Office Politics: Dealing with Conflict at Work
Amy Gallo is an author, speaker, and editor at Harvard Business Review. She mainly focuses on how you can build your career, how to communicate ideas effectively, how to influence and lead others, and how to manage conflict. She is the author of the HBR Guide to Dealing with Conflict and spoke about the premise and purpose of the book at her SXSW session Office Politics: Dealing with Conflict at Work.
The very first question Gallo asked the audience was, “How did you feel during the last conflict you had?” and many people shouted out answers on the line of frustrated, angry, mad, upset, etc. Gallo pointed out that no one said conflict is happy or that they enjoy it, “No one likes conflict.” Gallo said.
Gallo mentioned that she has loved conflict and uncomfortable situations ever since she was a little girl. The reason she wrote the book is because conflict and those conversations from work are taken home and can affect personal lives, such as disrupt sleeping, and she also wrote the book to, “Rid the world of bad conflict.”
Dealing with conflict at work can impact personal lives at home and also consume a lot of working hours. Gallo noted 2.8 hours a week is spent dealing with conflict at work and that’s $359 billion in paid hours. 18-26% of manager’s time is spent dealing with conflict and 65% of performance problems are connected to strained relationships.
“Create conflicts that are healthy and constructive and not personally destructive.” Gallo said.
It is important to know what conflict is and Gallo defines it as, “a situation in which two or more people have interests, needs, goals, or values that interfere with each other.” Gallo also says it is important to be ready for conflict at any moment and dealing with conflict is an essential skill set.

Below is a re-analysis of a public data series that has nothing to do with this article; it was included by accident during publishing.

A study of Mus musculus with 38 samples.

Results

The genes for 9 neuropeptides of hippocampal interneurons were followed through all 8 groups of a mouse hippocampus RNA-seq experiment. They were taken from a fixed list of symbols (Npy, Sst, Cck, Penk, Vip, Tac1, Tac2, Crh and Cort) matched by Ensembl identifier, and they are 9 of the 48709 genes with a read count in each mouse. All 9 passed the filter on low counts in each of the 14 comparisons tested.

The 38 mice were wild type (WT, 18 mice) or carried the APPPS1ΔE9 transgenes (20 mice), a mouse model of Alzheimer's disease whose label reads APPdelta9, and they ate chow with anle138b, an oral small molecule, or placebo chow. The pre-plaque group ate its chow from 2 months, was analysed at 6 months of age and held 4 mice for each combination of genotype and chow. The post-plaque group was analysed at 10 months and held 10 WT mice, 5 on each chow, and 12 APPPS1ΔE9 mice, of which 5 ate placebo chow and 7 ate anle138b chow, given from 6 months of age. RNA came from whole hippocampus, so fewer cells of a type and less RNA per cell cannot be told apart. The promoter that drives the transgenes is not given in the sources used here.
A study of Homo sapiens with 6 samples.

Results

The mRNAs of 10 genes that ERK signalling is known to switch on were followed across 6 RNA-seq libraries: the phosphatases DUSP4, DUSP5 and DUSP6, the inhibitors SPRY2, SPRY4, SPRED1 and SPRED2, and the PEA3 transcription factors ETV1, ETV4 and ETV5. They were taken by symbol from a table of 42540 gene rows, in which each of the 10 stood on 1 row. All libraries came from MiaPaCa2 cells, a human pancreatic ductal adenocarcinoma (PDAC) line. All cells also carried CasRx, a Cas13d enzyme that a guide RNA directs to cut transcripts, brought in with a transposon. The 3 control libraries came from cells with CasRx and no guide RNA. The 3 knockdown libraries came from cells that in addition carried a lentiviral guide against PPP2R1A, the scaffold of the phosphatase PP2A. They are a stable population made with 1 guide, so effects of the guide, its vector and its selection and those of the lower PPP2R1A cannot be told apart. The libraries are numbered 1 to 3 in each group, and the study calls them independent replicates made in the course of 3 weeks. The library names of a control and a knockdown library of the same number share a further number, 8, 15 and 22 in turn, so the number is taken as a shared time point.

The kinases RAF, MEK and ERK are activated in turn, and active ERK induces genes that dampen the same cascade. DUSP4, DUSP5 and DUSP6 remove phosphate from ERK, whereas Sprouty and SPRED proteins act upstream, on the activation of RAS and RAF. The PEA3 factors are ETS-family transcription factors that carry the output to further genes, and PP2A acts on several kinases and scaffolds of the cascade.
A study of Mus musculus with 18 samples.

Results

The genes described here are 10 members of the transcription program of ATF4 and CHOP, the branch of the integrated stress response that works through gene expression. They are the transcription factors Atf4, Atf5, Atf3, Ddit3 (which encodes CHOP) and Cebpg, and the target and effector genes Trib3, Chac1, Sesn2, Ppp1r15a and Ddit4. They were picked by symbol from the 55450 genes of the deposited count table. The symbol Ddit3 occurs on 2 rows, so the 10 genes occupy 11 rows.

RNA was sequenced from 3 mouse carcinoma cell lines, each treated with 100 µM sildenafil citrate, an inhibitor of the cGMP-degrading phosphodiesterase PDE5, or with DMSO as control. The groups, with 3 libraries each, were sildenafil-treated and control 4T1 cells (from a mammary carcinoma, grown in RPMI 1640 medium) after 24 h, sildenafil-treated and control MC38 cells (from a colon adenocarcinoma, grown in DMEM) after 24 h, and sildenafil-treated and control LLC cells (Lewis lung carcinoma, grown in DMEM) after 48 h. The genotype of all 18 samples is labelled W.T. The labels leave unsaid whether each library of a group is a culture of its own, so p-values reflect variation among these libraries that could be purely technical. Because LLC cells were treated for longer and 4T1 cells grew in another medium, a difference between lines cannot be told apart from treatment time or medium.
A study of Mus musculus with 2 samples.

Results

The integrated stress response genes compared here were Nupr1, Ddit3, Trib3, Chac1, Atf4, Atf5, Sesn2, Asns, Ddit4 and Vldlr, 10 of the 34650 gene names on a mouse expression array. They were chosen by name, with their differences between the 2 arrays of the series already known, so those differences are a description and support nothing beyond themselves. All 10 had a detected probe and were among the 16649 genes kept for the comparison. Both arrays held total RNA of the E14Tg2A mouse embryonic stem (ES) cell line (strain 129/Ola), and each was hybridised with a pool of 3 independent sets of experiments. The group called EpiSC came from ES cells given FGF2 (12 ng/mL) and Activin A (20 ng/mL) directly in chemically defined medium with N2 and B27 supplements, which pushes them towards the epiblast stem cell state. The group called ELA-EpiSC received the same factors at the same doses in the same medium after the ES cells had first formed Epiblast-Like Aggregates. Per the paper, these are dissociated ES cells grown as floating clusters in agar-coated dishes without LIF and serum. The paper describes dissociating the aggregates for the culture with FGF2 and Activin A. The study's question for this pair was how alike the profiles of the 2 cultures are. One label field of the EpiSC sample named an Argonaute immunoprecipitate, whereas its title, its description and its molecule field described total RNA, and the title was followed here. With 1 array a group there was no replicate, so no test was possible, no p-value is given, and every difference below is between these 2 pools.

According to Gallo, there are four types of conflict: relationship, task, process, and status. Most conflict situations start by task, process, or status. It is rare for a conflict to start because of the relationship. A task conflict is when two or more people are not agreeing with what the task is or should be. A process conflict is when two or more people are disagreeing with how the task should be handled. Task and process is usually how conflict starts in the workplace.
The first step to solve conflict, as Gallo said, is to know what you’re fighting about and understand the situation. The second step is to understand what kind of conflict person you and the other person are. Are you an Avoider, you avoid conflict as much as possible, or are you a Seeker, you seek out conflict? It is possible to be both of these types depending on the situation. And lastly, analyze every conflict. Take a few seconds to analyze the situation and understand your counterpart. “We are naturally narcissistic when we enter a conflict” Gallo said. It’s important to quickly think about the other personal and not only think of yourself.